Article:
The job market in 2019 is a highly competitive environment irrespective of the sector you’re in. The number of applicants far outweighs the number of positions available, and with law, the statistics are even more disheartening than for some other professions.
The Bar Standards Board, for example, has historically admitted that of the thousands completing the Bar Professional Training Course each year, only 1 in 5 are likely to secure pupillage. It is true that there are more Training Contracts than Pupillages but this is relative to the number of applicants there are, meaning the stats are no better for aspiring solicitors.
On this basis, students are now being encouraged to have a plan B in mind just in case the traditional legal routes fail for them. Read on to discover three law-related career paths which may be of interest to someone with the transferable skills obtained on an LLB law degree.
One law-related career which may be of interest to students completing a law degree is one within the police service. A career in law enforcement can take on a huge variety of forms such as a constable, a special investigations officer or even a more specialist role such as an armed response officer or dog handler.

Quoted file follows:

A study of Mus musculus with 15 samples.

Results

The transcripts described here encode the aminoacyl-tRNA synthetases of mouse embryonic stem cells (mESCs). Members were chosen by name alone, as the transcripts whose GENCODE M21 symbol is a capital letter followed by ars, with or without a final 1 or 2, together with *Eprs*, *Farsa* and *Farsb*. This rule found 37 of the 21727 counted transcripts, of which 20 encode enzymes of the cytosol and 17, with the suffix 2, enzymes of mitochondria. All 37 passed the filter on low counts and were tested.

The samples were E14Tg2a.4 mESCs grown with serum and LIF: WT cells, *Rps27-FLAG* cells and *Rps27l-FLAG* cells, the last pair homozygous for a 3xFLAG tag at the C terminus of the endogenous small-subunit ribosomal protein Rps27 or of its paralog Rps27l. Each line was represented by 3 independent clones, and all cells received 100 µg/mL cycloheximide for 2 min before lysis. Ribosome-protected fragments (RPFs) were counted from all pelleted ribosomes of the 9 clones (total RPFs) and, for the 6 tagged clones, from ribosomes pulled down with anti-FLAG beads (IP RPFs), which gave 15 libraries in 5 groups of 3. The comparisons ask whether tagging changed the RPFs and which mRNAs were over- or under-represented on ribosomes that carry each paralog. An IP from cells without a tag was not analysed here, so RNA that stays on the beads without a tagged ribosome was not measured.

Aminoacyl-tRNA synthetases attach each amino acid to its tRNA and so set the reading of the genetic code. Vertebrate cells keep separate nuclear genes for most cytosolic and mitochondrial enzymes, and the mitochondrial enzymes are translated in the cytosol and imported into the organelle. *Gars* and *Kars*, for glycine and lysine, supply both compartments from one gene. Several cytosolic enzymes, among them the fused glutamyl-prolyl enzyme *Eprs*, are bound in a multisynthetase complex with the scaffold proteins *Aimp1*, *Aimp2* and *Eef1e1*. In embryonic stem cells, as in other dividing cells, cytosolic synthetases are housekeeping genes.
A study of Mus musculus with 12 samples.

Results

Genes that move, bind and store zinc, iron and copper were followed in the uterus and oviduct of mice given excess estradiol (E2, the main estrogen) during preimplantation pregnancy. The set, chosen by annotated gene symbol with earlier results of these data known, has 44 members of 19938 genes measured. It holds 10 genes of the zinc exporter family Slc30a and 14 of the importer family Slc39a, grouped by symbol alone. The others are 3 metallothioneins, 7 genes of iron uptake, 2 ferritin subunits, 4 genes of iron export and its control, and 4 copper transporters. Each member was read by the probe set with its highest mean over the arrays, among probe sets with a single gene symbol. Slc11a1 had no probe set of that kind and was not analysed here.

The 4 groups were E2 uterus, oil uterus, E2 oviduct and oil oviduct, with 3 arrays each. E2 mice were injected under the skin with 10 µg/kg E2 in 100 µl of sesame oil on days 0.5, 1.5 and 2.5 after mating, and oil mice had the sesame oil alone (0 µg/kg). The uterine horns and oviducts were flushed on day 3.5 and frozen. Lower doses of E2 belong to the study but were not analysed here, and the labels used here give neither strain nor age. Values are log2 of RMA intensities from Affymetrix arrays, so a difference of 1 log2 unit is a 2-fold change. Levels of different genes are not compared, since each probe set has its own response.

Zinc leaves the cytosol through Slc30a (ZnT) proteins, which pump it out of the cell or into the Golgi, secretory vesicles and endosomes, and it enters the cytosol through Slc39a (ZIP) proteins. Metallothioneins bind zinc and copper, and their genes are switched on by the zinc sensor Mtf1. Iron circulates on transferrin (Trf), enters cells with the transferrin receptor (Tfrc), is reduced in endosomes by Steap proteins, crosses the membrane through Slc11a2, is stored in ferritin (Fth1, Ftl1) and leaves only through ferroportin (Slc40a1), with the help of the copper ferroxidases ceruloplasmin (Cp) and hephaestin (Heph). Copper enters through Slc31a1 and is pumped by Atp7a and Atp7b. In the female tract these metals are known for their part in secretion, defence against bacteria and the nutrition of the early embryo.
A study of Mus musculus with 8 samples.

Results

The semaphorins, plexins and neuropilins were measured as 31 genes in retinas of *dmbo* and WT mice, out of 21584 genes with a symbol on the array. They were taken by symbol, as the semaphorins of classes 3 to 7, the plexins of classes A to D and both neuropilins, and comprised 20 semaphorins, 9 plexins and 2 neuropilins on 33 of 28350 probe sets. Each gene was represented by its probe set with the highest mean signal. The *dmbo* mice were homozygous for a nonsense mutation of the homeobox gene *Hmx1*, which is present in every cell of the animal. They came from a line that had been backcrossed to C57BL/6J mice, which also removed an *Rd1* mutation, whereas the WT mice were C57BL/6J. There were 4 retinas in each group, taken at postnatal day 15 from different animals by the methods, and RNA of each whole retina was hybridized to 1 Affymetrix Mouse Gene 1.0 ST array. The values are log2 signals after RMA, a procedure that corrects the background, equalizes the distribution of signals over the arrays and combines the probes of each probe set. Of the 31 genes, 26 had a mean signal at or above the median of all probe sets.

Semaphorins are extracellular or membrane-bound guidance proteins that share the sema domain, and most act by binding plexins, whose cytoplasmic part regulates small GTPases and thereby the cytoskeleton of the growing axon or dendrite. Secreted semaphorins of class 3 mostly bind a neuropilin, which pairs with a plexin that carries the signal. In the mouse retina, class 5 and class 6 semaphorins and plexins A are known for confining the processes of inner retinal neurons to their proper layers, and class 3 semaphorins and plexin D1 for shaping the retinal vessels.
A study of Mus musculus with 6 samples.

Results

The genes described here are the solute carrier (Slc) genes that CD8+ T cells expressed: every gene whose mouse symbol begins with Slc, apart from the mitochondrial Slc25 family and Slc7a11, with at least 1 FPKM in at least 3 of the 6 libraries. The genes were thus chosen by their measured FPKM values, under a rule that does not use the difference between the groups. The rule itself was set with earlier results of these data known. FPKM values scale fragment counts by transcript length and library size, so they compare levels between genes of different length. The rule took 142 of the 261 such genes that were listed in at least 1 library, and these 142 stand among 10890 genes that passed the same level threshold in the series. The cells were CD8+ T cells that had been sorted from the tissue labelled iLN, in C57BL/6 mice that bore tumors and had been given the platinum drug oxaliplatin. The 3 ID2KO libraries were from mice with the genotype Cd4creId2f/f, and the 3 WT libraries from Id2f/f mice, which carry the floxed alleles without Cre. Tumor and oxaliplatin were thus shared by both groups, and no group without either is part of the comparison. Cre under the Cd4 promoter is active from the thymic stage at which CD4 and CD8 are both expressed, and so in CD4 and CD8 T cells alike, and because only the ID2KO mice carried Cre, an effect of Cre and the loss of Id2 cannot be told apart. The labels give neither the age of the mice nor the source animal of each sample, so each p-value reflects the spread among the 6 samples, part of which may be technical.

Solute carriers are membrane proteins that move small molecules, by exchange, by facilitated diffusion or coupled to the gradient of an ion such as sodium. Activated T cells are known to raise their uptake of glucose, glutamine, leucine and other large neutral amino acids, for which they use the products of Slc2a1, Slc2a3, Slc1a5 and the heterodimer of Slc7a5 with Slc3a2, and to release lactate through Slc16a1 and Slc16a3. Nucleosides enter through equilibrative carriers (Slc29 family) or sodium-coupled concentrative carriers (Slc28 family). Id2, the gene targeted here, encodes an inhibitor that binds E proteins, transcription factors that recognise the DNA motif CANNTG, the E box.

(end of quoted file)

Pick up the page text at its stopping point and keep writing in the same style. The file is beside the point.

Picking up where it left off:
Not all police jobs require a degree but there are advantages for someone who has obtained a 2:1. Candidates who meet this academic criteria have the opportunity to enter the profession via a Direct Entry or the Fast Track Scheme. The exact makeup of these schemes varies between regions but what they essentially offer is the chance to enter at Inspector or Sergeant level rather than as a probationary constable.
In addition, someone with a law degree is more likely to have more specialist knowledge of the law than someone entering the force at 18 years old. That means that there won’t be as big of a learning curve on the job as there would be for a constable coming straight from school.
Another area which may appeal to a law graduate is politics. This again can take on many roles from local government and councillor duties to a fully elected Member of Parliament (MP). Given that all English law is made by Parliament, there has long been an argument that a basic knowledge of the law should be instilled to all MPs. In addition, there have been many Prime Ministers to date with either law degrees or careers in legal practice such as:
The need for highly educated legal scholars has always been appreciated in the Commons and with complex issues such as Brexit on the horizon, this is the case now more than ever.
Another option which students may wish to explore is to venture into teaching and pass their expertise onto the lawyers of the future. This could be at most education levels as law is on offer from GCSE upwards. This will allow you to keep your legal knowledge up to date while having the rewarding job of passing tips and knowledge onto future generations. In addition to this, it can be a good access route for further training for yourself; many will take on teaching jobs and work on gaining masters degrees, doctorates and even professorships whilst earning money.
Looking at things objectively, there are many careers which are open to someone with the dedication and determination to complete a law degree. It may be that you cannot for whatever reason find employment as a solicitor or barrister, meaning a backup plan is crucial. Just know that you have plenty of options!